Israeli troops may complete their withdrawal from the Gaza Strip on Monday, three days ahead of schedule, Defence Minister Shaul Mofaz says.
Israel has closed the Rafah crossing between Gaza and Egypt
He added that the controversial destruction of synagogues in former Jewish settlements was the only factor that could cause a delay.
Israel's Supreme Court has rejected an appeal against their demolition.
Mr Mofaz said the cabinet was due to make a final decision on Sunday, adding he would vote against demolishing them.
"According to the plan I authorised yesterday [Thursday]... on Monday the 12th of the month no Israeli army soldier will remain in the boundaries of the Gaza Strip," Mr Mofaz told Israeli army radio.
In a final move before abandoning the area, the army is also due to dismantle its liaison office and a bridge linking the Israeli border to the Gush Katif settlement.
Israel has also closed the Rafah border crossing between Gaza and Egypt for the next six months.
Palestinian leader Mahmoud Abbas, who was due to attend the UN General Assembly next week, has announced he will stay and monitor the end of the withdrawal instead.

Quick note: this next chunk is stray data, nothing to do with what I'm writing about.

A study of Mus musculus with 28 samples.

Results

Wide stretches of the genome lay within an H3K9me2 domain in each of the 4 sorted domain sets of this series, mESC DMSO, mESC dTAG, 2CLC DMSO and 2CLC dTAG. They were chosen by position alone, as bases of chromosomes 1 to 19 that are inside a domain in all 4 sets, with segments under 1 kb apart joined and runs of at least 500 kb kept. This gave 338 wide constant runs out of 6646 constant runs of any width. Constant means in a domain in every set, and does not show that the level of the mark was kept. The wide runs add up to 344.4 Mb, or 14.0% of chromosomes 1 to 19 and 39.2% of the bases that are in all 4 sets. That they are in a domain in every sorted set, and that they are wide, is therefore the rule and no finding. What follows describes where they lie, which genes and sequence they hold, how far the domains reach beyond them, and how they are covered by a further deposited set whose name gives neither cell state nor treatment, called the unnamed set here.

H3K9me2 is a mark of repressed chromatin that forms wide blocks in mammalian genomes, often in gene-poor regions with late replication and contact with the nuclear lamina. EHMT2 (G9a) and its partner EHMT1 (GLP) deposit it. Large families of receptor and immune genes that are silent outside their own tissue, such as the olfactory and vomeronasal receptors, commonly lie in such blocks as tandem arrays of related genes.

The Palestinian Authority (PA) will take over the Gaza Strip after Israel completes its withdrawal of settlers and soldiers after 38 years of occupation.
PA officials said the closure of Rafah, which was a main gateway to the outside world, had not been co-ordinated with them.
They added they would continue to insist on total freedom of movement between Gaza and Egypt, without any Israeli controls - otherwise, they said, the Israeli occupation of Gaza would not have really ended.
Israel says it wants to preserve a presence on the border, citing doubts about the PA's ability to prevent arms smuggling to militants in Gaza.
International negotiators have been attempting to broker a deal under which Egypt, the Palestinians and a third party would control the Rafah crossing while Israel would monitor it from afar by camera.